Dale Grubb - Psychology
B.A., Psychology, The College of Wooster (1985)
M.A., Psychology, The Ohio State University (1988)
Ph.D., Psychology, The Ohio State University (1991)
My focus within psychology is in developmental psychology; my research tends to focus on cognitive and social development in elementary-aged children, adolescents, and young adults. Specific topics of research include the development of creativity; studying factors that influence one's satisfaction in intimate and romantic relationships; and investigating various applications of humor.

What have you learned while teaching at B-W?:
While at B-W, I have learned that teaching involves a lot of
listening. Early in my career, I developed lecturing skills, but I have since found much greater success through actively engaging students in mastery of the material in every course. This process begins by asking students what they already know, then building on this foundation.
What inspired you to get into college teaching?:
I had the good fortune of having some gifted, inspiring teachers in middle school and high school that planted the seeds of my interest in teaching, but it was in college where I had professors who made learning a truly engaging activity for me. I attended a small, liberal arts college (similar in size and mission to B-W) where asking questions and then seeking answers to them was emphasized. I wanted to continue to engage in the pursuit of answers to questions, and this, for me, is what teaching is all about.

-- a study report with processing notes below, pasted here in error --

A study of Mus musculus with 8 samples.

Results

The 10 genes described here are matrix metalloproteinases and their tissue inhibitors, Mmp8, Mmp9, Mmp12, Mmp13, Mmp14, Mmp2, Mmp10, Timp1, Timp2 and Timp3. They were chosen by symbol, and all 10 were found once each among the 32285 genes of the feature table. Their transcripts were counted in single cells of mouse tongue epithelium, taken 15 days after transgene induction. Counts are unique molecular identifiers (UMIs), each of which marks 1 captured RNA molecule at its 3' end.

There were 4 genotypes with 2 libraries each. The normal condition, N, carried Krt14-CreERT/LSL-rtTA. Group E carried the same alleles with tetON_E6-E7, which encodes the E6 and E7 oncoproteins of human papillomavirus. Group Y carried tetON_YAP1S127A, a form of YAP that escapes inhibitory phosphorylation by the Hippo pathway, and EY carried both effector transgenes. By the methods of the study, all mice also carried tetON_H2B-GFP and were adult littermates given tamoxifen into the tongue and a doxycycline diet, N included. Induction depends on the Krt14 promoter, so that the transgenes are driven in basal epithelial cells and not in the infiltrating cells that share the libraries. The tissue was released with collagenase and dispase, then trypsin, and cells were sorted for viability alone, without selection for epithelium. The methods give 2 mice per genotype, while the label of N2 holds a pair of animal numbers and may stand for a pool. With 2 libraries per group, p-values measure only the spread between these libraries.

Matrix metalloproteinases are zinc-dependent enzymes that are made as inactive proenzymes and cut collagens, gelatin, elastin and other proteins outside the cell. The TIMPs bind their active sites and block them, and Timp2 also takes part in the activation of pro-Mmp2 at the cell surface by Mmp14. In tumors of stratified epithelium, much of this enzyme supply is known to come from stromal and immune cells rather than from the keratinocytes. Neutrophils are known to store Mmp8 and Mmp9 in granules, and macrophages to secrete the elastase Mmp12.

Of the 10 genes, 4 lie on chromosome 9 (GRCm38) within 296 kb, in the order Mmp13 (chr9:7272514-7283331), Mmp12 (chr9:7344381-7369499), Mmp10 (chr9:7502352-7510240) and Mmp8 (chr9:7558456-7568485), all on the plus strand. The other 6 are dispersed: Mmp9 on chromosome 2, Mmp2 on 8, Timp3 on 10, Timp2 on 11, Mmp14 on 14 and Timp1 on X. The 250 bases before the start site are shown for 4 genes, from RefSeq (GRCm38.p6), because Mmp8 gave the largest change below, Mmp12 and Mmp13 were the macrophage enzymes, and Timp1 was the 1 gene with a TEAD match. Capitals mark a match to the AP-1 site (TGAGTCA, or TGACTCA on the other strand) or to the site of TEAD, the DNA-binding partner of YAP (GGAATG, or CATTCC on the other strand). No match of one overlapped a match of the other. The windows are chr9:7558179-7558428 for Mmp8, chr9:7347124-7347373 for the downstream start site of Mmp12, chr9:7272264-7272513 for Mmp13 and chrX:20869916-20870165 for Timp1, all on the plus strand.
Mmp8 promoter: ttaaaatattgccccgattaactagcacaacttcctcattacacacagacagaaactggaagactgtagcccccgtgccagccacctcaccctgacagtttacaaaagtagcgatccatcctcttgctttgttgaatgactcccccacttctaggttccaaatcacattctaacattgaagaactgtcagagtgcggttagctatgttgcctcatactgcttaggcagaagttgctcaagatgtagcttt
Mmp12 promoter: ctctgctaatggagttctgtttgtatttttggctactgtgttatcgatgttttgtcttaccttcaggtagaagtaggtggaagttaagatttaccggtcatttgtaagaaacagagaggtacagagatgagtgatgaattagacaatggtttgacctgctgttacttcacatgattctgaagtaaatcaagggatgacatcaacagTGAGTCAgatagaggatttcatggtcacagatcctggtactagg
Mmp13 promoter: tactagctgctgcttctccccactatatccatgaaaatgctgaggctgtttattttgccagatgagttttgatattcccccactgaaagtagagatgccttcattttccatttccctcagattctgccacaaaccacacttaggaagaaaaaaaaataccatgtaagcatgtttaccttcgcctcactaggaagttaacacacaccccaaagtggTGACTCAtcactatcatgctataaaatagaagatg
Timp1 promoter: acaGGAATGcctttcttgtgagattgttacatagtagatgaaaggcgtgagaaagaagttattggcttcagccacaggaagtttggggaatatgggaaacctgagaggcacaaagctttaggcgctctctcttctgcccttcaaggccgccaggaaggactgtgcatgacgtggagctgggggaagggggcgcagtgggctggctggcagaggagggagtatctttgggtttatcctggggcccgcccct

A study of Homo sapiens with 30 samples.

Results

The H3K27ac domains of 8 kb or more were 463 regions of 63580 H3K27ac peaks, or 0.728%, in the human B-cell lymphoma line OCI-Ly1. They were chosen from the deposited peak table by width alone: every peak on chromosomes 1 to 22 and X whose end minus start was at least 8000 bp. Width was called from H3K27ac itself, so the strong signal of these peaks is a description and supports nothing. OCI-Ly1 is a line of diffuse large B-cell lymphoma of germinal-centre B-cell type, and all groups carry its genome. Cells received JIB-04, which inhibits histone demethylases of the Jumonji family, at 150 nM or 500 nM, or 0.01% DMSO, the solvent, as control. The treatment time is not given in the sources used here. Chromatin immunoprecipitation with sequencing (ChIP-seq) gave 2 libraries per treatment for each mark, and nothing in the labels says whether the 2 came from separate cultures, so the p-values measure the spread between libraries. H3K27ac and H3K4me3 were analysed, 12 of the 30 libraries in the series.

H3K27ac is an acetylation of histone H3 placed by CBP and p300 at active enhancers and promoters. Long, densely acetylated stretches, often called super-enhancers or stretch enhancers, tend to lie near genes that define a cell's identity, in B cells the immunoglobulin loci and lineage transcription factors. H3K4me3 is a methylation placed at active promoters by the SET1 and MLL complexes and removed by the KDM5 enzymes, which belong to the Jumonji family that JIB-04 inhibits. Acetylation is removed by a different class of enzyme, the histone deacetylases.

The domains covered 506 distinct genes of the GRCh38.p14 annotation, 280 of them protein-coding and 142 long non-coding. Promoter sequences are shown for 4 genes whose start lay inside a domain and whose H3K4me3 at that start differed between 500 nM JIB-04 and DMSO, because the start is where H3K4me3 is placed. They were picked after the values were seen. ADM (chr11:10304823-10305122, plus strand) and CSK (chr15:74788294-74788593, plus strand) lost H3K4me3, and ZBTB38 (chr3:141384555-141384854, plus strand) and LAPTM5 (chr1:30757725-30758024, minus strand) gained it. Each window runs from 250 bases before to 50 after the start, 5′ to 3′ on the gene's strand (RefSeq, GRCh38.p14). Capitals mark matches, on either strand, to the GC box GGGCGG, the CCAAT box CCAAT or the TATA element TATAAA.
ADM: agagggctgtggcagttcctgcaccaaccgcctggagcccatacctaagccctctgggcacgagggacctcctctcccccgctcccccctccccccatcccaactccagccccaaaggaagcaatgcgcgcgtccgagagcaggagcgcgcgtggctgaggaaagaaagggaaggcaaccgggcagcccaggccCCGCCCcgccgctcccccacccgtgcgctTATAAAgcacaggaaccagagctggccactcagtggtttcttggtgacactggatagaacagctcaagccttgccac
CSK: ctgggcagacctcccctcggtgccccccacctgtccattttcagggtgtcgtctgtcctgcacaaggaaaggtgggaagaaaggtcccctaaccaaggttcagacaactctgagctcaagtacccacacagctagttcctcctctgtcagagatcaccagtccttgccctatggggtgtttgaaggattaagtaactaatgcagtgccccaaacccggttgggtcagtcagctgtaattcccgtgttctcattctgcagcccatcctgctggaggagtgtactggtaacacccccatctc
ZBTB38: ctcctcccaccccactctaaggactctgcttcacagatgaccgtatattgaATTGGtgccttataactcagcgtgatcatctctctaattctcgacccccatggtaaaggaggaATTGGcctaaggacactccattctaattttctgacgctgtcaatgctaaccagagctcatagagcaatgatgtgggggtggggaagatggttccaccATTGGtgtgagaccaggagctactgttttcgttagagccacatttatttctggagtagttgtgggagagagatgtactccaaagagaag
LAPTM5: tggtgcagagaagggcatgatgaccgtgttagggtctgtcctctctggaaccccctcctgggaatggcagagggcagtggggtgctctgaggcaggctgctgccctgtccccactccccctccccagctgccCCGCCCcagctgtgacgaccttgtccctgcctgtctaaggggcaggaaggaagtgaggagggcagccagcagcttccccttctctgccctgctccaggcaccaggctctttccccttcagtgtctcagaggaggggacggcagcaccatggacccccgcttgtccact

Describe the ways in which you mentor students interested in your department:
Mentoring is really a process of guiding students through experiences that will help them achieve their goals, and introducing them to options they had not considered. To this end, I encourage students to get the most out of in-class and out-of-class opportunities afforded by our department. Research assistant experiences, internships, active participation in the Psychology Club, attendence at deparment colloquiums, taking a wide variety of psychology courses and seminars; and attending local, regional, and national conferences; all of these are excellent ways to explore what the field has to offer.
If you weren't teaching what would you be doing?:
If I wasn't teaching, I'd probably spend a lot of time lamenting that I wasn't teaching. Then, I'd try to make the PGA Tour.
What do students like best about your class?:
This is a difficult question for me to answer because I have a good time in class every day. From the students' perspectives, I suspect that they enjoy "Muffin Days" (yes, I bring in muffins at various times during the semester); they probably like the fact that toys and other objects occasionally go flying in my class; and I think they also like the fact that we laugh a lot while we learn.